After Orlando, Barcelona, and before India, Gartner held their Symposium in Australia last week. A much expected session of Symposium, and many other Gartner events, discusses how to deal with mega-vendors. Brett Winterford from IT News was in the room when Dennis Gaughan presented this session, and came back with some interesting – but not at all surprising – insight into the strategy of IBM, Microsoft, Oracle and SAP, the four mega vendors that rule IT today.
There are so many sound bites in Brett’s article that I wouldn’t know where to start – and my goal is not to plagiarize his article anyway. Still, I couldn’t resist picking a few, see at the end of this post.
At the end of the day, it comes down to a simple fact: customers are cash cows for the mega-vendors. They don’t care, as long as you pay. They don’t view customers as partners with whom to build strong technology, they view them as account balances in their ledgers.
We have always known that mega-vendors rarely innovate. Sure, they maintain research facilities, but how many great technologies have come out of these? In fact, the only recent exception that comes to mind is SAP’s HANA – but then, in typical SAP fashion, they have out-priced the market – says Brett: “Pilot customers of HANA had reported that the in-memory technology enabled ‘dramatic performance gains’, but once SAP told the customer how much the technology would cost in production, they struggled to make a business case for deployment.” Compare HANA with Hadoop. Same general purpose – extreme scalability. Closed (and secretive) product vs. open source collaboration. Outrageous price tag vs. free download. Runs on super duper expensive hardware vs. myriad of commodity nodes.
Beyond (lack of) innovation, there are two areas where mega-vendors create special challenges.
The first one is integration. Their technologies “suites” or “platforms” have only one point of integration: the price list. When you are dealing with integration technologies, as Talend is, this is obviously an important issue. Integrating data/applications/processes with disintegrated technology does not make a lot of sense, you simply end up with mode silos!. The reason? M&A-driven growth, and a lack of interest to invest into really building a platform. M&A is a respectable strategy and is not in itself a justification for non-integration: look at Talend ESB, the fruit of the acquisition of Sopera, which is truly part of the Talend Unified Platform. Lack of willingness to invest for your clients, this is the problem.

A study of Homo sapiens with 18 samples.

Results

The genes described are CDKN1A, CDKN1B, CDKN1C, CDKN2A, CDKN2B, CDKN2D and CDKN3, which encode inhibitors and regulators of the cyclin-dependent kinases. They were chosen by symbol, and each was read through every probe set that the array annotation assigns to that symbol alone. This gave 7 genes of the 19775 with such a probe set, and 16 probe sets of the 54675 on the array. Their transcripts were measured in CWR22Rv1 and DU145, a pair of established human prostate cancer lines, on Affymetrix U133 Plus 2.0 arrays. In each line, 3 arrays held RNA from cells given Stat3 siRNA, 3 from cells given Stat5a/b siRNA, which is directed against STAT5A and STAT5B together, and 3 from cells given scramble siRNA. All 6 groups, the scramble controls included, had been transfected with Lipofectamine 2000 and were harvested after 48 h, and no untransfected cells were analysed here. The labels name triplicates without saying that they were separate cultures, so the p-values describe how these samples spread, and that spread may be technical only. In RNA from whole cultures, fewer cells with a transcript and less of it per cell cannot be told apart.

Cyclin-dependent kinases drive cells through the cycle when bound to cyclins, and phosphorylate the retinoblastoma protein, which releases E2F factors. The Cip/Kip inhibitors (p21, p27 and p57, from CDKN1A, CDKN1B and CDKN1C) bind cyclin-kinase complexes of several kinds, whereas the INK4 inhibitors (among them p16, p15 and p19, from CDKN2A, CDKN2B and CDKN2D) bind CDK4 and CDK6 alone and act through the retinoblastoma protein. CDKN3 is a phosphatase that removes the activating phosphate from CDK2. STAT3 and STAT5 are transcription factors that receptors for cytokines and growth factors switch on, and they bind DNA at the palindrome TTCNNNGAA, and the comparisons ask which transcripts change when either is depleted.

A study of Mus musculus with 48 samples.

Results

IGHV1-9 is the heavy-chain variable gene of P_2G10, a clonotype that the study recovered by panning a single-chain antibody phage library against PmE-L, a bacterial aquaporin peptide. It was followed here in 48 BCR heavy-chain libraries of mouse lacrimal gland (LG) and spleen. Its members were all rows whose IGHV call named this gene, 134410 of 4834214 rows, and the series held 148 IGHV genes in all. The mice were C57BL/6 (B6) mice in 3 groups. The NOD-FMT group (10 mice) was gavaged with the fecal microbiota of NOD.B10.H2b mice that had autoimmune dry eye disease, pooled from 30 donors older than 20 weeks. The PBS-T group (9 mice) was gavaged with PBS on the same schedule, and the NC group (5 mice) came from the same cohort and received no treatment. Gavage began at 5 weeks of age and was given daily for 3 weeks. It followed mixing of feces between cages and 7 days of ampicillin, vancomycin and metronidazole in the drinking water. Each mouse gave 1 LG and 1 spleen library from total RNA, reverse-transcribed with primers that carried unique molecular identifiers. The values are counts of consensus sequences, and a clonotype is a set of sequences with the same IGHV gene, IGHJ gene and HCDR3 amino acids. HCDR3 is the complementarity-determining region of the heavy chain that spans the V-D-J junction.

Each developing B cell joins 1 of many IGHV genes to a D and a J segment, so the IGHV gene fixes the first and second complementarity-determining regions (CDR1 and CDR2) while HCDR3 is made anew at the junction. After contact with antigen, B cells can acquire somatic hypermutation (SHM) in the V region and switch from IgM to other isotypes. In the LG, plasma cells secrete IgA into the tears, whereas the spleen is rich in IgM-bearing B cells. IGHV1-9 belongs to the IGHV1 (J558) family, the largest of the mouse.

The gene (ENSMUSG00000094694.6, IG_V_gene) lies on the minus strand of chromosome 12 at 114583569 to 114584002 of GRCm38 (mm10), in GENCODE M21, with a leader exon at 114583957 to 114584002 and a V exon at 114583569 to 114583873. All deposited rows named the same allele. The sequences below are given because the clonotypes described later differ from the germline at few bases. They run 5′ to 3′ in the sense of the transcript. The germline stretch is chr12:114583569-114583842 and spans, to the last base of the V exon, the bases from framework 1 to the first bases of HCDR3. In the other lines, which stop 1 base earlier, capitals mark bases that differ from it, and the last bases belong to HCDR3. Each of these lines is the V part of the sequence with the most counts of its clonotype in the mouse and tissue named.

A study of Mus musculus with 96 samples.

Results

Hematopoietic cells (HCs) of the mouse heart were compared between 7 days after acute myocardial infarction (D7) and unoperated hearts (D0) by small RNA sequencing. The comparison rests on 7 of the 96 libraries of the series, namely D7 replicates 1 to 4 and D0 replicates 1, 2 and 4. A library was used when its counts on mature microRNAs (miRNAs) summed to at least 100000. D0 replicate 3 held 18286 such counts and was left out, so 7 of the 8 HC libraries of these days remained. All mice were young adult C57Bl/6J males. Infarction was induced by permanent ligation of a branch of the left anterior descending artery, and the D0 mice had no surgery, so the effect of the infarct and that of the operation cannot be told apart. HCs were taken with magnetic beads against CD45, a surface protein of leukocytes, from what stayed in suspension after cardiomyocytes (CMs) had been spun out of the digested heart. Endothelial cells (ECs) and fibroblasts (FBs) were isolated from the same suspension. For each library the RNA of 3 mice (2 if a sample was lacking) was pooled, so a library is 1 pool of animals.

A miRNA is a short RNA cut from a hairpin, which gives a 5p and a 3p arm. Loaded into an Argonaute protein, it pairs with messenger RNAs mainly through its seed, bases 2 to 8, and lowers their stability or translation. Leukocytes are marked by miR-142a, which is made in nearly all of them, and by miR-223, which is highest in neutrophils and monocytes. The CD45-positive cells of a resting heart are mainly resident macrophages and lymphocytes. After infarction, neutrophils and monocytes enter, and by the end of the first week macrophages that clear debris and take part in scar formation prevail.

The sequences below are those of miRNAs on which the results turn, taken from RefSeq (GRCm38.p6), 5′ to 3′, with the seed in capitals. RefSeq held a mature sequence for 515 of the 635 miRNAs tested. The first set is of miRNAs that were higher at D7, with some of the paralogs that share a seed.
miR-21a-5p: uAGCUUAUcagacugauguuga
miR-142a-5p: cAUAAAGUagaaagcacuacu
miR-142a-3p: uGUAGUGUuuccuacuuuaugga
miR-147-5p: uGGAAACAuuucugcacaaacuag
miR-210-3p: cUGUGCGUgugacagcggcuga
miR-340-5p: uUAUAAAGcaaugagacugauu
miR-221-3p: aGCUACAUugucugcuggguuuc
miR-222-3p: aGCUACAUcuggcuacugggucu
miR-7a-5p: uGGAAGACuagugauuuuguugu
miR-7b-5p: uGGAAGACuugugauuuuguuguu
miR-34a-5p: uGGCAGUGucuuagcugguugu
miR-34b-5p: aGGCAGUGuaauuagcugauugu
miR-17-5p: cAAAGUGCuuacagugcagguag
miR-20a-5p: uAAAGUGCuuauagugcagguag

The other challenge is pricing. I am always baffled when I hear that analysts such as Gartner’s or Forrester’s (and attorneys too), are needed to review a vendor proposal. Not only are these prices outrageous but they are so hard to comprehend that you have no idea what you will be paying down the road. That’s unpredictability at best.
At the end of the day, why do they keep behaving this way? Because they can. Real alternatives are few. But they do exist, and are gaining ground. Of course, open source will (does) play a role here, and is already pushing some large vendors to change their behavior. Mega-vendors are next.
The best sound bites
Brett’s article is worth reading in its entirety, but I couldn’t resist a bit of copy/paste:
- Most inquiries to Gartner from CIOs interested in working with IBM focused on contract negotiation. (…) The number one question is: how do you avoid being managed by IBM?
- Oracle is not looking for where integration is possible but where it is profitable. (…) It’s a bundling on paper, not in the architecture.
- SAP haven’t sorted out the pricing. (…) Gartner was most often approached by SAP customers to get a better understanding of software licensing.
- SAP has interesting licensing terms for getting data in and out of the system for use in other applications. (Licensing terms to access YOUR data??)